By Mike Stone and Nathan Gomes
(Reuters) – U.S. defense contractor Northrop Grumman Corp (NYSE:NOC) on Thursday forecast full-year sales above Wall Street estimates, as it benefits from strong demand for weapons from countries ramping up their defense spend.
The United States and its allies have been buying more arms and ammunitions and supporting Ukraine with billions of dollar in military aid after Russia invaded the country last year.
During the quarter, Northrop rolled out its new B-21 “Raider” jet, the first of a new fleet of long-range stealth nuclear bombers for the United States Air Force.
“We’re raising our sales outlook for 2023 and expect to deliver strong multi-year cash flow growth,” Northrop Grumman Chief Executive Kathy Warden said.
The Falls Church, Virginia-based company expects 2023 sales between $38 billion and $38.4 billion, ahead of the average analyst estimate of $37.86 billion, and an adjusted profit of $21.85 to $22.45 per share, compared with estimates of $22.30, according to Refinitiv IBES data.
Meanwhile, rivals General Dynamics Corp (NYSE:GD) and Lockheed Martin Corp (NYSE:LMT) forecast their annual profit below estimates, as the industry grapples with labor and supply shortages.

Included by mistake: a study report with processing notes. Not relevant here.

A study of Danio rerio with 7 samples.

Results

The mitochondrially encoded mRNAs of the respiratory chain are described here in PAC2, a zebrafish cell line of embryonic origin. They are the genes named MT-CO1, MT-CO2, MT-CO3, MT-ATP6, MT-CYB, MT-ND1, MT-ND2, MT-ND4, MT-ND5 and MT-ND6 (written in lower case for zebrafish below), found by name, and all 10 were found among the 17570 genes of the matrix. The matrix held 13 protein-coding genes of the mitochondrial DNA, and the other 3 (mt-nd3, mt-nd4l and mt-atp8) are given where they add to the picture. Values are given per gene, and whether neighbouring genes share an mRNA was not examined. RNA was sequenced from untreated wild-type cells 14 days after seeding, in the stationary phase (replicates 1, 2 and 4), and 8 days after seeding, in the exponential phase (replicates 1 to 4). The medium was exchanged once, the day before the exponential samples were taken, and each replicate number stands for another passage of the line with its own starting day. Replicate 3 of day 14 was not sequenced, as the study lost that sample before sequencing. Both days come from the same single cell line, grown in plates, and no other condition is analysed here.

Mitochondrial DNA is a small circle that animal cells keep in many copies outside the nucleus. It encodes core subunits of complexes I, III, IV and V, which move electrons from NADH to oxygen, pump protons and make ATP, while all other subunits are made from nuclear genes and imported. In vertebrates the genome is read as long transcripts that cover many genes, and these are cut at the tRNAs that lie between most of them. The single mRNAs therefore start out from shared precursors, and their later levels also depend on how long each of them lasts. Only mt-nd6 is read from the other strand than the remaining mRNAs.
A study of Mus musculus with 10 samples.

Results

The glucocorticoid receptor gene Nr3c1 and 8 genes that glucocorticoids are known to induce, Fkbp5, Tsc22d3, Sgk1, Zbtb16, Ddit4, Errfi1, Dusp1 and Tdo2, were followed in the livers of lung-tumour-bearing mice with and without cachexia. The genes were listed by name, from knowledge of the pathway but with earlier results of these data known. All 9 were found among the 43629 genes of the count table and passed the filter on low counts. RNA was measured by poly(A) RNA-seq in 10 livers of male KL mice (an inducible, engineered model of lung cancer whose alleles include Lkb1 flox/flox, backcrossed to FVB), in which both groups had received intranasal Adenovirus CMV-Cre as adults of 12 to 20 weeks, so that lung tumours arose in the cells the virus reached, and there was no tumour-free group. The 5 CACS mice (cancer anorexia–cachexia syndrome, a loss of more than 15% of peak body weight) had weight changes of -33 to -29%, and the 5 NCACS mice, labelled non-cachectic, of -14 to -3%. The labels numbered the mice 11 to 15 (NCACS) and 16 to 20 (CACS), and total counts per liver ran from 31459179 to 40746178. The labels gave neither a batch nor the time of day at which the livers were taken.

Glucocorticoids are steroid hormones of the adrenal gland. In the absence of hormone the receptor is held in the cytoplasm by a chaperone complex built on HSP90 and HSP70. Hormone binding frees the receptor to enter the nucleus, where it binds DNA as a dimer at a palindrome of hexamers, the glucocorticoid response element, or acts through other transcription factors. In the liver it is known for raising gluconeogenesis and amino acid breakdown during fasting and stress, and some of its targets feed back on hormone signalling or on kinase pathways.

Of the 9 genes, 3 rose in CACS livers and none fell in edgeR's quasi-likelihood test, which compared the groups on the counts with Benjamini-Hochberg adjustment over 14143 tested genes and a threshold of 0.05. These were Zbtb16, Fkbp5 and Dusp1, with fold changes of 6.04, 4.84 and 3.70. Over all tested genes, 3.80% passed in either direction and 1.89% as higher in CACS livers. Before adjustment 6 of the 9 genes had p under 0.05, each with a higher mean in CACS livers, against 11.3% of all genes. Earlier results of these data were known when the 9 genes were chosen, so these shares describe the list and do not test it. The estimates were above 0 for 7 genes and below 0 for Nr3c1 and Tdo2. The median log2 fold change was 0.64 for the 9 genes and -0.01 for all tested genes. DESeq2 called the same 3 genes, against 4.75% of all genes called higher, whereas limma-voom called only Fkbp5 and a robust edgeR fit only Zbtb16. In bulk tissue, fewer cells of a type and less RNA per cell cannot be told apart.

Northrop, which produces the fuselage for the F/A-18 Super Hornet fighter jet, posted sales of about $10.03 billion for the quarter ended Dec. 31, ahead of analysts’ average estimate of $9.66 billion.
Sales in its space systems unit, which makes satellites and payloads, jumped 23% to $3.28 billion, helped by higher investments towards space exploration projects.
Sale in its defense unit, which makes integrated battle management systems, weapons systems, rose to $1.66 billion, from $1.38 billion.
Overall adjusted net income stood at $7.50 per share, ahead of analysts’ average estimate of $6.57 per share.